Friday, 14 October 2016

The Chess Queen Enigma


Book Title: The Chess Queen Enigma
Author: Colleen Gleason
Series: Stoker & Holmes #3
Date Started: October 3rd 2016
Date Completed: October 7th 2016
Genres: Mystery, Historical, Thriller, Adventure, Romance
Quality Rating: Two Stars
Enjoyment Rating: Three Star
Final Rating: Three stars

I started this series a while ago and was very pleasantly surprised at how much entertainment I got out of it. Don't get me wrong, if you're going in wanting a proper storyline and solid logic and characters, you're going to get very easily annoyed - but what these books do give you is the opportunity to just suspend the desire for reason and just enjoy some nonsense. That's been the strength of the series, and my problem with The Chess Queen Enigma was Gleason tried to go further into the realms of a full-functioning mystery when the foundations she'd built were completely flimsy. I don't come to these books for a quality literary story: I come for the fun, and that was what needed to be brought back.

A lot of the time, if I can't bear the writing I can't bear the book. Most novels I don't end up finishing are ones where the style of writing is constantly bringing me out of the story and frustrating me to the point where I don't want to read anymore. And while this series has some truly terrible writing and narrative points - there are times when the action or characters are just so silly and ridiculous that I don't understand how it ever seemed like a good idea to let it through to the final edit - there's a kind of childishness running through the whole series that actually does make it a little easier to accept how bad it is at points. Maybe I'm being a little harsh, but to give credit where it's due, the normal balance between the childish writing, but then the equally innocent and adventurous action almost overrides each other to where you can just enjoy the book. Once again, I would say this wasn't as consistent as in The Chess Queen Enigma as with the other books, but I was still able to let a lot of silly things go because I was enjoying myself.

This book tries to be clever and missed out the fun in doing so. The Stoker and Holmes series isn't a sophisticated or clever series and that's fine; its strength is in that it's so much fun, but it's so important not to lose that. What I noticed happening a bit more in The Chess Queen Enigma was that where we might have previously expected an action scene or a little argument between characters, we were instead given an internal monologue of one of the characters trying to work something complicated out. With a character like Mina Holmes we get that a lot anyway, but it's a lot more engaging when it's said out loud and where we get other people reacting. This book felt a little like Mina and Evaline were going about their own business, going to a place where something briefly happened, then parting ways again. They didn't feel like the team they've been built up to be and so any consequential action was then just a bit dry because of that.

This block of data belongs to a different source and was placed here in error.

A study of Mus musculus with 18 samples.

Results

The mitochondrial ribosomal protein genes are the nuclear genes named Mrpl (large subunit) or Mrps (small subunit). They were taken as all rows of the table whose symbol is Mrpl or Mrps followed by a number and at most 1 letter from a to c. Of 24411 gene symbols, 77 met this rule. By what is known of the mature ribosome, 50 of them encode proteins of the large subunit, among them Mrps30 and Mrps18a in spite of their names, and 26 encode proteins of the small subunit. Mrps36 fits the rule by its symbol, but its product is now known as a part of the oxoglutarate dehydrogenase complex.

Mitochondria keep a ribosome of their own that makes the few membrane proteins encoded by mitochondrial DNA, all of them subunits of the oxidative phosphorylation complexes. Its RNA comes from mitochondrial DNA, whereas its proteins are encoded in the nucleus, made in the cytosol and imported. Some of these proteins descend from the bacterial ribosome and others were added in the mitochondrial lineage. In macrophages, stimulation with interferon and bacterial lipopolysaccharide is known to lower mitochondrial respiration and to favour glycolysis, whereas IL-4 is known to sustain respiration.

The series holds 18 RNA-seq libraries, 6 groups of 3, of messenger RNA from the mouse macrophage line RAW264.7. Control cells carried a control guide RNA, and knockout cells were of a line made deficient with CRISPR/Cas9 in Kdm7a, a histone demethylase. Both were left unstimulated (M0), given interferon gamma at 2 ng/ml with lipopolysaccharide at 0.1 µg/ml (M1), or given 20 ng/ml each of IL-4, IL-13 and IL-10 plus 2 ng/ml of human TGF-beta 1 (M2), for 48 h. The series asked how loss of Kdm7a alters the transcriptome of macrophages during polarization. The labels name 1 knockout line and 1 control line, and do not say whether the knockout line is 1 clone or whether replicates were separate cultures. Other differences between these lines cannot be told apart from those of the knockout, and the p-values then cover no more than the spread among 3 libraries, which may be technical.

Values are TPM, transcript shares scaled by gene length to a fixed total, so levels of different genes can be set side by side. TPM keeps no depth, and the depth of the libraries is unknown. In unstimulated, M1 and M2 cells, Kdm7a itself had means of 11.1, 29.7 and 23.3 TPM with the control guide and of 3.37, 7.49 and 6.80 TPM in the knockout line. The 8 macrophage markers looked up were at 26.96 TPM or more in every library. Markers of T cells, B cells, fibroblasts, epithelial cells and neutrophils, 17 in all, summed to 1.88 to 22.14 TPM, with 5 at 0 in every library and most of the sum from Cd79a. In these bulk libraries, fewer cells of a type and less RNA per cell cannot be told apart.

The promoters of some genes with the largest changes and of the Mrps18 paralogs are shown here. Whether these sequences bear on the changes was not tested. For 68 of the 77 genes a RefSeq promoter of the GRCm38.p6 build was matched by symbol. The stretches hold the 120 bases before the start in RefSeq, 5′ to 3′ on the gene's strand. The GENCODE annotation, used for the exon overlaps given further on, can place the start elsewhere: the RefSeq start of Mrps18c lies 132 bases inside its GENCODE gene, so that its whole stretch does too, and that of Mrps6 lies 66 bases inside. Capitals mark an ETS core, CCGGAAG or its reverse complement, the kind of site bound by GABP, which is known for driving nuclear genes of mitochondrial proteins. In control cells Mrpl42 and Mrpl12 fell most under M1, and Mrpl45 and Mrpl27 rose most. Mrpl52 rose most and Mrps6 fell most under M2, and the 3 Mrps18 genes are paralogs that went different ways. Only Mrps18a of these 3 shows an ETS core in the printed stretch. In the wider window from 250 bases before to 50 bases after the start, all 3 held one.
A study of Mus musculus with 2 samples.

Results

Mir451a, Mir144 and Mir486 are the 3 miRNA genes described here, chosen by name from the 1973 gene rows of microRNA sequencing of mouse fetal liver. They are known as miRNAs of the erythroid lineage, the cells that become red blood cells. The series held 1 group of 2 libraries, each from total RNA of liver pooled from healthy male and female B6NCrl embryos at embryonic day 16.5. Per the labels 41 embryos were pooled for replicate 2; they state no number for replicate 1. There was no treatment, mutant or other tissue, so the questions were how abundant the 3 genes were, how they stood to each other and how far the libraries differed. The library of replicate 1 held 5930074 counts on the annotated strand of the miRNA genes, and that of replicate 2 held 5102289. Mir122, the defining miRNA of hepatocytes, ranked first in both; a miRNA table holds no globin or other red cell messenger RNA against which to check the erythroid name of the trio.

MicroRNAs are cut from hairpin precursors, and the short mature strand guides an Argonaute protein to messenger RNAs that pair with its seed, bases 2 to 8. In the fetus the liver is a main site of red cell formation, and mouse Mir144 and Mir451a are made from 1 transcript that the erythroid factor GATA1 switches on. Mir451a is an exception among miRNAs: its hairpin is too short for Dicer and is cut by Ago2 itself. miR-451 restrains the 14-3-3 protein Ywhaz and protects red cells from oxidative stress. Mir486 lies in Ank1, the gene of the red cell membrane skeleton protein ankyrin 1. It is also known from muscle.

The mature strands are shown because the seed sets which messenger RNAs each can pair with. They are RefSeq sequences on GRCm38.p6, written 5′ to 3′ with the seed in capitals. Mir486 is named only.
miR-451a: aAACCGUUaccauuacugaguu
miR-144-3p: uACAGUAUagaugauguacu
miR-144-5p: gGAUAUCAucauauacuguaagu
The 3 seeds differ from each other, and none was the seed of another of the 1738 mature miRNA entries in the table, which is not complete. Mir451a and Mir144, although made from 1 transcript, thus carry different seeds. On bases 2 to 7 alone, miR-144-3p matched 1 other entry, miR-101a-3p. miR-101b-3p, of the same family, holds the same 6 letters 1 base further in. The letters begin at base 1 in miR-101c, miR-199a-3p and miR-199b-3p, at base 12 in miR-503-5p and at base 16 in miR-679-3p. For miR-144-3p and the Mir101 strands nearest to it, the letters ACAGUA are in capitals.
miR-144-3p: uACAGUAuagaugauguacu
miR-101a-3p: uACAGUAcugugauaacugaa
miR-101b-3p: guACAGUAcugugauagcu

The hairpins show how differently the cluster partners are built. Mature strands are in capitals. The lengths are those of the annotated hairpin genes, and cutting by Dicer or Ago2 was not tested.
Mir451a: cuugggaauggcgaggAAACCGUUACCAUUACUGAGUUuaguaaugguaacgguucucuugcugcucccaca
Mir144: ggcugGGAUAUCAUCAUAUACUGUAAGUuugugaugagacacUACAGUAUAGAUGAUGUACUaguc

I also wasn't too happy about the conclusion to this sequel. While this series is good at making sure each book has its own plot that weaves into the overarching story, the point of this book felt, well, pointless. In terms of moving the characters forward in their journey as a whole, I can't really see anything that will have a long-lasting effect, and as a stand-alone book it was a bit flat. But on top of that, we have certain aspects of the series that clearly needed to be solved quickly, and so Gleason cheats us a developed solution and just magics the problems away. Obviously, there are plans in place for future books, but part of me feels that since so little happened in this novel - and apparently there was a very big problem to take care of before the next book - why did we not focus on exploring that one issue that didn't appear until the last few pages?

The Chess Queen Enigma loses the characters that we know and love a little bit. They're still there, and still falling into their own pre-made stereotypes, but I noticed that we didn't really get to see them interacting with each other that much. The strength when you have character-driven stories is getting to see them play off each other, and there was definitely a lack of that here; I wanted more of Mina and Grayling arguing, Mina and Evaline grudgingly accepting they're a good team, Pix and Evaline constantly trying to be one step ahead of the other. When the action was lacking, and the writing was trying to become more sophisticated and less pure fun, the thing that could've pulled everything back was the characters but we just weren't given enough opportunities for them to do that.

This book didn't have the thrill factor and entertainment that the previous two had; it was probably the weakest instalment of the series so far. Nevertheless, I still want to read the rest of the series. It's a nice break from what I usually read, and when it's fun it's really fun. I just hope that the series goes back to its original balance of entertainment next to the utterly ridiculous storylines.